Suffering is the first of the four truths of the noble ones taught by the Buddha after his awakening during the first turning of the Wheel of Dharma in Sarnath. The Buddha taught that suffering must be known, or understood. As the Buddha explained, the term “suffering” includes experiences that could translate as stress, unease, dissatisfaction, pain, discomfort, or unhappiness. Contrary to some misinterpretations, the Buddha did not say there is no happiness. However, his insight was that all temporary experiences eventually come to an end. As sentient beings are thus never permanently satisfied, there is suffering.
Jamgön Kongtrül Lodrö Thayé in The Treasury of Knowledge defined the essence of the truth of suffering as, “the continuity of the aggregates produced by previous karma and mental afflictions.”1The Treasury of Knowledge, Book Six, Part Three: Frameworks of Buddhist Philosophy, A Systematic Presentation of the Cause-Based Philosophical Vehicles, by Jamgön Kongtrül Lodrö Thayé, trans. by Elizabeth Callahan. Snow Lion Publications, NY, 2007. The five aggregates, or skandhas, are the mental and physical elements that make up the experience of an individual. Thus this definition expresses the notion that the psycho-physical package embodied by a sentient being has been conditioned by prior mental and physical actions. As long as that conditioning remains, suffering will occur.
In the Abhidharma and other texts, suffering can be divided into as many as eight different categories. However, these can be subsumed into three major classifications.
The Three Sufferings
- Suffering of Suffering
- Suffering of Change
- All-pervasive Suffering of Being Conditioned
1. The Suffering of Suffering
The suffering of suffering is the grossest level. This includes the suffering, unease, and discomfort associated with the four stages of existence: birth, growing old, sickness, and death. The other suffering of suffering is that of encountering unpleasant situations. All of these situations bring obvious pain.
2. The Suffering of Change
The suffering of change manifests when one cannot obtain or keep what one desires. In one situation, one has a longing for something but can’t achieve the goal. One tries but fails, which results in distress. Alternatively, one might experience temporary happiness or pleasure based on some external condition. Then something changes. Change is inevitable, and pleasure turns to sorrow or boredom.
3. The All-Pervasive Suffering of Being Conditioned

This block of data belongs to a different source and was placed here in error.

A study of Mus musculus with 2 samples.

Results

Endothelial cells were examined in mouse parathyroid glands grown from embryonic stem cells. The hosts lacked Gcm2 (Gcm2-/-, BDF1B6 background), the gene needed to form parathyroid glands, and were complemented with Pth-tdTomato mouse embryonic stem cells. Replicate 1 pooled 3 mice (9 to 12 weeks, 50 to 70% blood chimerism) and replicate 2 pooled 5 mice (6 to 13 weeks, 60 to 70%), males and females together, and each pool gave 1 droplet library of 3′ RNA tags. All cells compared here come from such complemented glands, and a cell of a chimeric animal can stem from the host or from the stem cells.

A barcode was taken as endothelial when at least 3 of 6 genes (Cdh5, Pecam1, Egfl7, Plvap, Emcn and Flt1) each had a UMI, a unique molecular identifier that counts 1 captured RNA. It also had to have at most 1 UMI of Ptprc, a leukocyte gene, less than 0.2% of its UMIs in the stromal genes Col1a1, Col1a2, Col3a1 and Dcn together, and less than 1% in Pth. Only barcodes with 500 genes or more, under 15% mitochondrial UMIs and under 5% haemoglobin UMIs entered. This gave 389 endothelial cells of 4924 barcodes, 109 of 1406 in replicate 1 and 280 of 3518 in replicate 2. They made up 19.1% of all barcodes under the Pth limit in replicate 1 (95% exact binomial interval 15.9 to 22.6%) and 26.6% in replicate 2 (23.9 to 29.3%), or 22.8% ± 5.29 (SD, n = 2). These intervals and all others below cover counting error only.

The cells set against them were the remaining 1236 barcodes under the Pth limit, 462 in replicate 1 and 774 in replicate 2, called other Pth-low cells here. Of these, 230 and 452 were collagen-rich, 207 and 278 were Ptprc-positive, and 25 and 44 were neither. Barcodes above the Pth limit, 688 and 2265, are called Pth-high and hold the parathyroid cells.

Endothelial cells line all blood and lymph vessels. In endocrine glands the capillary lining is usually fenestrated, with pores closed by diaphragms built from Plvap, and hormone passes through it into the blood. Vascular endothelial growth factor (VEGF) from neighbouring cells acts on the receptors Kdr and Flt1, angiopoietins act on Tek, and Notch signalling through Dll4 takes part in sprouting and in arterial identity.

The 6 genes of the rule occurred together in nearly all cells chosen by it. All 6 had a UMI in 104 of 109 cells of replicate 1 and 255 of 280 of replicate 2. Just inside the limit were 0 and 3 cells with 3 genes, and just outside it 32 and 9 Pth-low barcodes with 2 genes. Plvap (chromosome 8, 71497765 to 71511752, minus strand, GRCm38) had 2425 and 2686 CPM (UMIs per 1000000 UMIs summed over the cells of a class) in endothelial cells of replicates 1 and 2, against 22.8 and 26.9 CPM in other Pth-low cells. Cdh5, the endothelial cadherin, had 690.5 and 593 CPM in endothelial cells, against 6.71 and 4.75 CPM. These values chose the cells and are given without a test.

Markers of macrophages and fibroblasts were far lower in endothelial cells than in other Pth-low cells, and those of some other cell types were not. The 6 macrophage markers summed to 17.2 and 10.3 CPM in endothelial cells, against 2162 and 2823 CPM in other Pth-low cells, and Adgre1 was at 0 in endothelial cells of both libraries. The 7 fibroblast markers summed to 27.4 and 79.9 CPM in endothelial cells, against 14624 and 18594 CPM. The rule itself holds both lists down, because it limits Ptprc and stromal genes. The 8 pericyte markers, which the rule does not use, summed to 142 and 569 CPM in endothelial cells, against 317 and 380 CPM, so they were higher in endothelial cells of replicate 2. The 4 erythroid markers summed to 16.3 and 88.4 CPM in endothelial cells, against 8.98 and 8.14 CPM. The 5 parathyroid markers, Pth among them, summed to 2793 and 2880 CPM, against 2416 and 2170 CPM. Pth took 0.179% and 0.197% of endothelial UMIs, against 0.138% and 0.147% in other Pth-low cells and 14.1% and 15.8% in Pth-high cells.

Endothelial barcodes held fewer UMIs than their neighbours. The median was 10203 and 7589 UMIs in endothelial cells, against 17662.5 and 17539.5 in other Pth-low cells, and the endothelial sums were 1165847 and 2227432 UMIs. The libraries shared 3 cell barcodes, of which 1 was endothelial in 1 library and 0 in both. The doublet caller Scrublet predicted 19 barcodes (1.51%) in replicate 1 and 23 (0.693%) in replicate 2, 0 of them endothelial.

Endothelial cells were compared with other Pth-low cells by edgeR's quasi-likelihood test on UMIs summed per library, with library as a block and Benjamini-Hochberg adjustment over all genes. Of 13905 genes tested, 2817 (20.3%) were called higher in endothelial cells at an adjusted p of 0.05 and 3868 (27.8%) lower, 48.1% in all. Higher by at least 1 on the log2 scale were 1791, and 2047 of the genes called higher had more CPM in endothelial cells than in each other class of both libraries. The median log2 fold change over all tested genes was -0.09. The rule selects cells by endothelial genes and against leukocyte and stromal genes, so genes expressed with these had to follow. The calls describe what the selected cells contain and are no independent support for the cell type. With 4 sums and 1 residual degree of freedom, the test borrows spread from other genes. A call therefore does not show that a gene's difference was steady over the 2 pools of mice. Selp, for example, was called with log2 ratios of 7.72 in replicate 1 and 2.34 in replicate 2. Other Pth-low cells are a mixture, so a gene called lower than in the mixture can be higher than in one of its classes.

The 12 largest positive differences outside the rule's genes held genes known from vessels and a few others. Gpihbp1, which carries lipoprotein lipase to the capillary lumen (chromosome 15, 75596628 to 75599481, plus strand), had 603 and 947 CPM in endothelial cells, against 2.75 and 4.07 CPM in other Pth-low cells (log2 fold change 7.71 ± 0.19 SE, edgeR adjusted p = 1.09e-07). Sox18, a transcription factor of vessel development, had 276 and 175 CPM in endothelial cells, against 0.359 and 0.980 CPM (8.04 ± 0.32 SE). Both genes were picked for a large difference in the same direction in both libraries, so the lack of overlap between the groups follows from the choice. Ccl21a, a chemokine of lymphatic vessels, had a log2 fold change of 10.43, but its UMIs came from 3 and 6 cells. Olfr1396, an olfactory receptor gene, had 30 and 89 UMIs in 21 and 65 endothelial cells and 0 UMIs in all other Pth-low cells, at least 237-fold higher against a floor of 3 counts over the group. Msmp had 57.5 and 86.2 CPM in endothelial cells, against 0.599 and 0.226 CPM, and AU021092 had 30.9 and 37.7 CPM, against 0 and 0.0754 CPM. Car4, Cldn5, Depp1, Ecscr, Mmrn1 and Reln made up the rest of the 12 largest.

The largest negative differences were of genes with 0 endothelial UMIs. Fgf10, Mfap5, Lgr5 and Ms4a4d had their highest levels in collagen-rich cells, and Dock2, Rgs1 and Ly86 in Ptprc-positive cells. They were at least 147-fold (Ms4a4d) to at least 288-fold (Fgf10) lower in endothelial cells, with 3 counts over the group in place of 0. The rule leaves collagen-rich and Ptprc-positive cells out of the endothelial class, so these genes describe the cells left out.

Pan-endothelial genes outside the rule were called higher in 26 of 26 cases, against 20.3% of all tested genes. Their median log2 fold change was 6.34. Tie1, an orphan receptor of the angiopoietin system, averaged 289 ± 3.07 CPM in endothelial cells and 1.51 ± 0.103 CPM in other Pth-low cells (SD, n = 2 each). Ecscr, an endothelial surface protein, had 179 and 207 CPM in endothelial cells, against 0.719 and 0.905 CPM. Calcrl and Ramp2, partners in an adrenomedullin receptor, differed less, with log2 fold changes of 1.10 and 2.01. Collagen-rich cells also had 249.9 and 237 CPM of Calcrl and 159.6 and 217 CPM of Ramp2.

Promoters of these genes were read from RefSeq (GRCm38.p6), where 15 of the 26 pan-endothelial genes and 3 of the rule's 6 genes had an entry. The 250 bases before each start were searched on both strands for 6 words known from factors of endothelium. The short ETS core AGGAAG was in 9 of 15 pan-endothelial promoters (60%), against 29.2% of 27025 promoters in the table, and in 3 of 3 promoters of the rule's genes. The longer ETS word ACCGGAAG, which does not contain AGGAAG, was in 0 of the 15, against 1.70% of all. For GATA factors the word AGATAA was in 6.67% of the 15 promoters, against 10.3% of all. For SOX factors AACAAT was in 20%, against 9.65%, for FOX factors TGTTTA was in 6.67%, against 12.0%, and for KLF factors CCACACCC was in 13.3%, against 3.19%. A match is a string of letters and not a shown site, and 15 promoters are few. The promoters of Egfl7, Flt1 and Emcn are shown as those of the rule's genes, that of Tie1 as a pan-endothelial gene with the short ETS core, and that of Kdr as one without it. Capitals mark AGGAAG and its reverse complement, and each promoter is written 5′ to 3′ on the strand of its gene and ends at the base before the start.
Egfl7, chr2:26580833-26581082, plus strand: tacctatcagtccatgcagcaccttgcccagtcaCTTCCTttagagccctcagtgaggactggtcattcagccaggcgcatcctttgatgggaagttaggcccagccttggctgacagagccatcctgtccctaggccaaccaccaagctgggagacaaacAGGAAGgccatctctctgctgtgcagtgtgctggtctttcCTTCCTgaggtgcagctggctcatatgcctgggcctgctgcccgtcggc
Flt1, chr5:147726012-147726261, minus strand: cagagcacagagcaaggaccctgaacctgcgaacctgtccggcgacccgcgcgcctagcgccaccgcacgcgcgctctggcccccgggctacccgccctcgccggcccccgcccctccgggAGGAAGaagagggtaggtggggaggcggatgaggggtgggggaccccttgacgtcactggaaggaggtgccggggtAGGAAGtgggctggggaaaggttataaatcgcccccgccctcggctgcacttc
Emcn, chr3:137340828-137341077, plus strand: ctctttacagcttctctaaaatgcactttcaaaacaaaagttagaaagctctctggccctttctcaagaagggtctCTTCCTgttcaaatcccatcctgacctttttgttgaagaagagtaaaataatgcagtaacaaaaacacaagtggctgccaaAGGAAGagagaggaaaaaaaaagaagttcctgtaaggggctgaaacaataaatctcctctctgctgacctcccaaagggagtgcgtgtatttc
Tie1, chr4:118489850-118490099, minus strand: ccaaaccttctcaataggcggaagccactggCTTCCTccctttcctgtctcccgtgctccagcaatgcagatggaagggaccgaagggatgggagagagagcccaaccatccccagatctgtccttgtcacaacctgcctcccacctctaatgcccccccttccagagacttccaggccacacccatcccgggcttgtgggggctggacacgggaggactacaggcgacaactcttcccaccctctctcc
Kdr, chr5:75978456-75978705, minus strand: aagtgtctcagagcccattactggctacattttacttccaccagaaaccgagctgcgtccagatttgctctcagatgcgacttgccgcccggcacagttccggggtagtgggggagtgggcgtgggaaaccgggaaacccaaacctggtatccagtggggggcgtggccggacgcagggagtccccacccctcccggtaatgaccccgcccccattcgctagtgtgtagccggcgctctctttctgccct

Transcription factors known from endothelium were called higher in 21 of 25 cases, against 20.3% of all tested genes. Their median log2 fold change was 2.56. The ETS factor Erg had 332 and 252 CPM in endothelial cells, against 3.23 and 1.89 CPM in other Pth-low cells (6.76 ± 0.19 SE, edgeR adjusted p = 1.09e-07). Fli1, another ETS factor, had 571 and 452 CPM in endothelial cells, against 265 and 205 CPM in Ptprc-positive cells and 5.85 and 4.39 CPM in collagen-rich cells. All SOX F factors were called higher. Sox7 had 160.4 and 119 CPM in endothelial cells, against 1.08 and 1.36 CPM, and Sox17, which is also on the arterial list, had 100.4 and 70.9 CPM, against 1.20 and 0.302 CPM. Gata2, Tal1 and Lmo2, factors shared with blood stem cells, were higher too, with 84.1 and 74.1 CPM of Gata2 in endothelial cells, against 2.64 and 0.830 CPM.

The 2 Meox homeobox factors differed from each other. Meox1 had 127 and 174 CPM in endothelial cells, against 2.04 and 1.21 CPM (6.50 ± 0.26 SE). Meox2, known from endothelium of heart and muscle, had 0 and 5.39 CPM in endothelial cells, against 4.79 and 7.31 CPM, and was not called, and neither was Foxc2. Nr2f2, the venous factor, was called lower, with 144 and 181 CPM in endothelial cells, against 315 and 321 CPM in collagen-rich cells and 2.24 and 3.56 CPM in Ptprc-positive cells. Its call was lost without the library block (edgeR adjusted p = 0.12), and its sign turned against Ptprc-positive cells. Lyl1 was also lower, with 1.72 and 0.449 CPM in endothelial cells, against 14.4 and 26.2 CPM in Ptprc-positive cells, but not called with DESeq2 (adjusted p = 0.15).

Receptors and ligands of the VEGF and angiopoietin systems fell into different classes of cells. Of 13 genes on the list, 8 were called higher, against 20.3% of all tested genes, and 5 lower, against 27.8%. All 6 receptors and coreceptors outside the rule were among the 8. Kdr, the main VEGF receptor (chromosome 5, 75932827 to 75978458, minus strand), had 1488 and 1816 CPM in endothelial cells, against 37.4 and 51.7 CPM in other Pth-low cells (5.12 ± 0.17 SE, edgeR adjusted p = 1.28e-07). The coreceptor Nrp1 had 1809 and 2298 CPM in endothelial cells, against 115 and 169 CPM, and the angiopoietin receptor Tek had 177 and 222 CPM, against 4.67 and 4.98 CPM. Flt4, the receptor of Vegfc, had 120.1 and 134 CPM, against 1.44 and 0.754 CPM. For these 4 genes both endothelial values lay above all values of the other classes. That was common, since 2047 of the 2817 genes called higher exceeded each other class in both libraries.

The all-pervasive suffering of being conditioned marks the difference between observable suffering and the truth that is apparent to noble beings. As Jamgön Kongtrül noted, the first 2 categories are recognizable by ordinary individuals and thus belong to conventional truth. He quoted Vasubandhu’s Commentary on the Treasury of Abhidharma (Abhidharmakosha-bhāsya) which explains the subtle nature of all-pervasive suffering:
Immature beings are like the palm of the hand:The Treasury of Knowledge, Book Six, Part Three: Frameworks of Buddhist Philosophy, A Systematic Presentation of the Cause-Based Philosophical Vehicles, by Jamgön Kongtrül Lodrö Thayé, trans. by Elizabeth Callahan. Snow Lion Publications, NY, 2007.
They do not recognize the hair of the suffering of conditioned existence.
Noble ones are like the eye:
They are greatly disturbed by that hair.
Because this suffering is only observable by noble beings, even though it is not truly established, it is considered to be ultimate reality. The Buddha described this situation to his brother-in-law Nanda, in terms that are quite easy to understand in the sutra called “The Teaching to Venerable Nanda on Entry into the Womb”.
Nanda, in brief, as for this body consisting of the five upādānaskandhas (appropriated skandhas), there are no activities of moving, standing, sitting, or lying down that are not suffering. If one walks for a long time without even a moment’s rest, suffering will arise. Standing, sitting, and lying down, if done for a long time, will all be suffering. If, after walking for a long time, there is a moment’s rest, even though a notion of pleasure is produced, this is not really pleasure. If, after standing for a long time, one sits for a moment, or if, after sitting for a long time, one lies down for a moment, a false notion of pleasure is produced; however, since this is not really pleasure, this body consisting of the five upādānaskandhas should therefore be known to be wholly suffering.Āryāyuṣmannandagarbhāvakrāntinirdeśa, The Noble Great Vehicle Sūtra “The Teaching to Venerable Nanda on Entry into the Womb”, 1.67.
In this sutra, the Buddha led Nanda through a detailed analysis of human suffering. In this analytical process, understanding that all experiences are impermanent, the young man was able to resolve confidently the lack of a personal self. And with that realization, according to the sutra:
After the Bhagavān spoke this Dharma discourse, Nanda, freed from dust and defilement, obtained the pure Dharma eye. The five hundred monks, detached from phenomena, their defilements extinguished, had their minds liberated.Āryāyuṣmannandagarbhāvakrāntinirdeśa, The Noble Great Vehicle Sūtra “The Teaching to Venerable Nanda on Entry into the Womb”, 1.78.
In a similar way, Buddhist teachers in all traditions emphasize the need for careful contemplation and analysis of suffering. Through coming to see the fact of suffering, liberation becomes possible.